Tracing the evolving banking scenario in and around the pandemic, through the
lens of “shrunken transactions” a harbinger in many ways. The intensity of the impact may vary, but both individuals and businesses of all sizes and shapes have been thrown into a vortex. Last blog* I touched upon margin compression and its impact
on P & L books of the bank, due to shrunken business (reduction in both consumption and Trade), lowering interest rates and flattened yield curve.
This blog explores the effect on Capital. Lower repayments of Loans, lower net new deposits and volatility in the markets impacting investment and treasury operations have all contributed to shrunken transactions (Value & Volume). Lower business volumes
are symptomatic of the upcoming challenges. The capital buffers built, thanks to the regulatory guidelines, will stand banks in good stead in the near term. It is in the medium term,
market volatility, asset quality deterioration, rising risk weighted assets, increasing cost of risk and surge in NPLs leading to higher provisions will require razor sharp attention and nimble response
to protect capital and margins.
Most banks world over, entered the current crisis with strong capital base - US banks with a CET 1 ratio of 12% and EU Banks with 15% (Q4 2019). The problem though, is of assessing the potential impact. Uncertainty of the crisis both severity and length,
the resultant breadth and depth of recession as well as the speed of recovery is unclear at this point. Both Credit Risk & Market Risk will be negatively impacted resulting in higher RWA with higher capital requirement. The combined effect of high mark to
market losses, higher credit losses (both actual and deferred), higher provisions necessitated by IFRS 9/CECL due to Covid 19 will affect capital as well as
play truant with cash flow projections impacting funding and lending decisions.
Credit recovery alone will be a sizeable stress as banks see multiple year credit losses with Retail segment hit, SME or commercial segment reeling under losses (In North America, it is anticipated that about 20% of small businesses may declare bankruptcy
– a representative global trend) and corporates in some industries staring at being downgraded by rating agencies. The challenge is heightened particularly for those banks, as EBA points out, that are exposed to the sectors more effected by the pandemic and
do not have enough capital buffer to weather the storm.
Some data points
Europe - First insights from EBA (Thematic Note – EBA/REP/2020/17) show that banks went in with a resilient position both on capital (CET 1 rose from 9% in 2009 to almost 15% in Q4 2019) and liquidity buffers with LCR close to 150%. However, the exposure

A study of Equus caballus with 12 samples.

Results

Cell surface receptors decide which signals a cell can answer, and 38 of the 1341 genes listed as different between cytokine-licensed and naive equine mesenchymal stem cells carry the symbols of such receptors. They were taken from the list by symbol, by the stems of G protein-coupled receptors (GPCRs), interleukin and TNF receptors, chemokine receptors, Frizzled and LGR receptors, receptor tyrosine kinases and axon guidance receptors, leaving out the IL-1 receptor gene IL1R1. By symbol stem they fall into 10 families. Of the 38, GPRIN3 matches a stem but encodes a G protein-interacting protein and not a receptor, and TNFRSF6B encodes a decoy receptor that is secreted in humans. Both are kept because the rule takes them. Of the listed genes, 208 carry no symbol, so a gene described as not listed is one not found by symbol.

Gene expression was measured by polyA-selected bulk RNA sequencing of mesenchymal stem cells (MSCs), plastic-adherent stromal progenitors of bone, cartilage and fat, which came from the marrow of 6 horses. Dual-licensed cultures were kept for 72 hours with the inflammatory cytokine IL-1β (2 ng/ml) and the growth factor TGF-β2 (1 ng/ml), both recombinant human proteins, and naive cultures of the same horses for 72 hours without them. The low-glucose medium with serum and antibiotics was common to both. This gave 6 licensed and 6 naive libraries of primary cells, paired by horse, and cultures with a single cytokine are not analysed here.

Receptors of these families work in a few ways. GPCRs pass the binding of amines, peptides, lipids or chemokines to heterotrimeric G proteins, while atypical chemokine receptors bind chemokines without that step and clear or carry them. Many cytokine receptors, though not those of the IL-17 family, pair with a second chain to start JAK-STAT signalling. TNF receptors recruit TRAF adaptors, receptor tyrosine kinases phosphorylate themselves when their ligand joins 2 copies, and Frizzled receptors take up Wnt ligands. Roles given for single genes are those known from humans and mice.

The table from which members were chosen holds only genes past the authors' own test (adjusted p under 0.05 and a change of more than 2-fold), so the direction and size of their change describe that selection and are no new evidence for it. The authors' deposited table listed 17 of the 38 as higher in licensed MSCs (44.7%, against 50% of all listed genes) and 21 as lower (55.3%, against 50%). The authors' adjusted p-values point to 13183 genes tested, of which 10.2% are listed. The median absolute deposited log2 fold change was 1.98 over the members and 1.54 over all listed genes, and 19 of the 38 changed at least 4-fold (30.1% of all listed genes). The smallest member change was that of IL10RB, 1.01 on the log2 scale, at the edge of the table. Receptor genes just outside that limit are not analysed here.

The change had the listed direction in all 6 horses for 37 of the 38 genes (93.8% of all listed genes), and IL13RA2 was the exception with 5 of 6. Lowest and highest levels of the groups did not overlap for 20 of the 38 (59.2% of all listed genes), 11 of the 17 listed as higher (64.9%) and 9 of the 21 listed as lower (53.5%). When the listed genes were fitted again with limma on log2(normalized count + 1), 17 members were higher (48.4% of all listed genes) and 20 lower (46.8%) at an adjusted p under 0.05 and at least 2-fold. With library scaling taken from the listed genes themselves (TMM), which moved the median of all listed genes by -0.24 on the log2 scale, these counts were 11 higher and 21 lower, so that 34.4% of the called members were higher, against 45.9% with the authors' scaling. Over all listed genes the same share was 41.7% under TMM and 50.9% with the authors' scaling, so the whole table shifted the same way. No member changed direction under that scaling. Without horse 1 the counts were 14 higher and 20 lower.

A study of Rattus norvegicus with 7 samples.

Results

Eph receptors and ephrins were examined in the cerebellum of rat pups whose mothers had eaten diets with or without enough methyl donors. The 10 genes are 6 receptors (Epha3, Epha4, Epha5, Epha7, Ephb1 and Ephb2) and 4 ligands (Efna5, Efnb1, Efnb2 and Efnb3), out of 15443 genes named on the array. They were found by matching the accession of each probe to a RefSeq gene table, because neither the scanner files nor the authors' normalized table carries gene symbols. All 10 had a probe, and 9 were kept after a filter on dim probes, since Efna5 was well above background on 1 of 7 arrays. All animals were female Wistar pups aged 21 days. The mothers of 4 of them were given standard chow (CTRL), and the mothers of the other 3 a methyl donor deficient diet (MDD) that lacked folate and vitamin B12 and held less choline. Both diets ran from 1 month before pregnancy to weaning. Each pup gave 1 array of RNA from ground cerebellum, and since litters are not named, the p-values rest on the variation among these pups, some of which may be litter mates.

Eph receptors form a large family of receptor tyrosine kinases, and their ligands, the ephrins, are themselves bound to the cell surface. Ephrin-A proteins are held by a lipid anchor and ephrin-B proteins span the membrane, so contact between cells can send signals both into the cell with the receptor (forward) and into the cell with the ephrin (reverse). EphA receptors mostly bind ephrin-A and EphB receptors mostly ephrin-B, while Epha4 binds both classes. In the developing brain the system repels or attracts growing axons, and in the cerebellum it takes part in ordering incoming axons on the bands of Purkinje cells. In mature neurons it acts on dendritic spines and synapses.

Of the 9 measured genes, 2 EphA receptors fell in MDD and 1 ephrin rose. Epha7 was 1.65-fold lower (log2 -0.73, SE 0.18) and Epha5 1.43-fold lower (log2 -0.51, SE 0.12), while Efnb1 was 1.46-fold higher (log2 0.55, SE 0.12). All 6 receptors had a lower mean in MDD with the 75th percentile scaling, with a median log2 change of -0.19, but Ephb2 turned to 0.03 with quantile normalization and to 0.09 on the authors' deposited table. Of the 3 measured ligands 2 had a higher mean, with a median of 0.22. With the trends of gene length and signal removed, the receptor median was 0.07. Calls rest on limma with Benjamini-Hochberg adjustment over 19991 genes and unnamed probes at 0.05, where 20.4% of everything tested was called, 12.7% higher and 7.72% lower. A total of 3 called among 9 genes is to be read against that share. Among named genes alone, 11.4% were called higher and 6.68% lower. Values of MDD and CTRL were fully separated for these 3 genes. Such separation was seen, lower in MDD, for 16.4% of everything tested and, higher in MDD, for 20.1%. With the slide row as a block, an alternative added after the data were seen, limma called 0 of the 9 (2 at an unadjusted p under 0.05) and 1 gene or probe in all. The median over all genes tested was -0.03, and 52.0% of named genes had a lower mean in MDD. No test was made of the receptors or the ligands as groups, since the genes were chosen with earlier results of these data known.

of banks to riskier portfolios (SMEs & Consumer Financing) will result in growing NPA. “A sensitivity analysis around the 2018 EBA stress test scenario indicates that the
impact of credit risk losses on CET1 ratios ranges between around 230 basis points (bps) and 380 bps,”
North America – Per study by McKinsey team (Stability in the storm) the
Credit Losses could be in the range of $400 Billion to $1 Trillion over the period 2020 to 2024 depending on the evolving scenarios. This could lead to a decline of capital from 1% to 4%.
India & APAC – News reports indicate that banks in India are likely to witness a spike in the NPA ratio by 1.9% and credit cost ratio by 130 basis points in 2020. For Asia-Pacific Banks,
COVID-19 crisis could add “USD 300 Billion to Credit Costs" and about “$600 Billion estimated rise in non- performing assets” in 2020, per S&P Global Ratings.
The above data, points to a global phenomenon highlighting two underlying themes a) Capital compression likely to be in the range of 2% to 4% b) Credit losses will be in hundreds of billions of dollars.
Balance Sheet depth to handle the situation is the question, not in the short term but medium to long term. The real test will be the ability of banks to manage capital while supporting customers. A lesson history has taught us is that capital
cushion is critical for survival – During the previous crisis six major institutions that experienced a capital erosion of 3% or more, no longer exist as independent entities. Today is different as banks have built in capital buffers but need to be aware that
it is a finite reserve.
This is the time for banks to focus on building flexibility and resilience into their balance sheet, as well look at their P&L book closely. A positive P & L adds to the Capital. It is a fact that typically, only 20 to 25% of the business is profitable
and subsidizes the rest of the business, specially the 30% business that is loss making. By deep diving and acting on the loss-making business, banks can enhance their profitability substantially and shore up capital. My next blog
“Lens on Profitability & Value Creation” explores this theme.